The city and the Seaside School District are standing by City Councilor Dana Phillips and Seaside School District board president Steve Phillips after a settlement with the Oregon Department of Justice over their handling of the Miss Oregon scholarship program.
The settlement was reached after the state alleged unlawful trade practices.
They agreed to pay $150,000 to the Oregon Community Foundation for the Tiffany Phillips Memorial Scholarship Fund, named for the couple’s 17-year-old daughter, who died in a 1998 car accident.
The couple has been involved with the Miss Oregon pageant for decades. They will make restitution in three installments and must permanently resign from any office, directorship or position of authority with the Miss Oregon Scholarship Program and Oregon Scholarship Foundation. They are also prohibited from being financially involved in any nonprofits or charities.
The agreement “shall not be considered an admission of a violation for any purpose.”
Dana Phillips denied that the couple personally profited from the pageant. The Oregonian reported on Feb. 1 that the couple pocketed $336,584 from the scholarship fund.
“It’s not true,” Phillips said. “We did everything we possibly could and answered questions all along.”
The agreement with the state does not allege fraud, she said. “At no time did we ever use the Miss Oregon pageant for personal gain or wrongdoing. This is a situation that’s really sad and hard to swallow.”
Phillips said when she left her role as director of the pageant in 2015, financial documentation was shredded, a situation compounded by a computer crash that destroyed a system backup.
“I’m not an accountant and I ran (the pageant) as a mom-and-pop organization, and kept it afloat,” she said. “I thought I had all the documentation, but when I needed it most, when the DOJ wanted it, I didn’t have it.”
Phillips said she plans to meet with City Manager Mark Winstanley and fellow city councilors “to find out their feelings” as to whether she should retain her council position.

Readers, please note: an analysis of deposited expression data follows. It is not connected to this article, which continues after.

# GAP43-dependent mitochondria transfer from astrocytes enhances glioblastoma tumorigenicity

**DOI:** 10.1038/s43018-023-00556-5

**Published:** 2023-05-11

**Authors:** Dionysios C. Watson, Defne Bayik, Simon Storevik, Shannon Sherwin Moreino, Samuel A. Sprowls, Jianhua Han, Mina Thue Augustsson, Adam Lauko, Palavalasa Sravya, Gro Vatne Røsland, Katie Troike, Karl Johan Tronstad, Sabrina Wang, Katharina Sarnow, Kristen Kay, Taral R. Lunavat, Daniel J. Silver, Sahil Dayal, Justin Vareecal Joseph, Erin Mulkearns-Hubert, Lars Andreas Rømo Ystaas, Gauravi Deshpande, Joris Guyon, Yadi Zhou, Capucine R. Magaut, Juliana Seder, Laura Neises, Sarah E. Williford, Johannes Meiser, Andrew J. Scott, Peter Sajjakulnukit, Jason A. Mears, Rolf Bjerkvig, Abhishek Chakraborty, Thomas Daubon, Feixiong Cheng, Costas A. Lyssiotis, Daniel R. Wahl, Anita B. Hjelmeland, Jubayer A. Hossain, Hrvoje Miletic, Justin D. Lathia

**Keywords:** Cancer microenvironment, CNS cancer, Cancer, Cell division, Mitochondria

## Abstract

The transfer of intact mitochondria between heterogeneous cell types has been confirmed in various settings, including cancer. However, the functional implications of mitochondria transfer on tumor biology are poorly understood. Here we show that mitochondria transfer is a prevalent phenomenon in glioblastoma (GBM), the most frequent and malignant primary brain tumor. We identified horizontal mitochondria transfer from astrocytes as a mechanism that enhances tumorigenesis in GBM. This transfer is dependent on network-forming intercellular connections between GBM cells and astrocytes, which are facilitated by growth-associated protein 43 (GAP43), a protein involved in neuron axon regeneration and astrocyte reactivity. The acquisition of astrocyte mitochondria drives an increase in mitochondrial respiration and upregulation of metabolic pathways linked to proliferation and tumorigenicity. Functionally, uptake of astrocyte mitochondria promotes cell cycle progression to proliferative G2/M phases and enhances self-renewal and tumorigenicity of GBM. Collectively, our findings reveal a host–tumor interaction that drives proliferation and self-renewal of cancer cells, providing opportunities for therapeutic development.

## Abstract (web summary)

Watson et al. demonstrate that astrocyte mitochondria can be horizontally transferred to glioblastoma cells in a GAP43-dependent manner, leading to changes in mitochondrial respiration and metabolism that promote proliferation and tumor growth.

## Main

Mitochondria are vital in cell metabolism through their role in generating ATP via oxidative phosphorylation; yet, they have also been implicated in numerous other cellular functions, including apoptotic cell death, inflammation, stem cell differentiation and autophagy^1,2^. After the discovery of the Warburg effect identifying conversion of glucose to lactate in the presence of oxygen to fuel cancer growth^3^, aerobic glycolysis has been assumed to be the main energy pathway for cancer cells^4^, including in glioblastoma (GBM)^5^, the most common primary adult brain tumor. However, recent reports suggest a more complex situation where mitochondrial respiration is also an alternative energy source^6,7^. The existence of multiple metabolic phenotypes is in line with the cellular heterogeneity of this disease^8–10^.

“If they feel I need to step aside, I will,” she said. “I don’t want to, because there are things I haven’t finished doing.”
Mayor Jay Barber said he discussed the Department of Justice agreement with Winstanley, but will not make a recommendation “until we have an opportunity to sit down with Dana and determine what her response is going to be. I think it will be totally up to her to make a decision on that.”
He said nothing in the agreement “eliminates her eligibility to stay on the council. There’s not a felony involved. It’s more whether she feels she wants to be in the public eye and serve in that situation. We’ll talk it over and say: ‘Dana, we’ll support whatever decision you make.’”
Steve Phillips declined to comment.
The school district board president “has been an excellent member of the board for over 20 years,” Superintendent Sheila Roley said. “From my understanding of the agreement, there is nothing to indicate that Steve and Dana had any personal gain from their work with the Miss Oregon pageant.”
Roley said there is no concern among school district officials of crossover between pageant management and school district business operations. “As far as I can interpret the document, it doesn’t provide any evidence there was personal gain,” she said.
Roley said she had no comment on the school district’s process moving forward. “That’s a conversation that will be among the board members,” she said.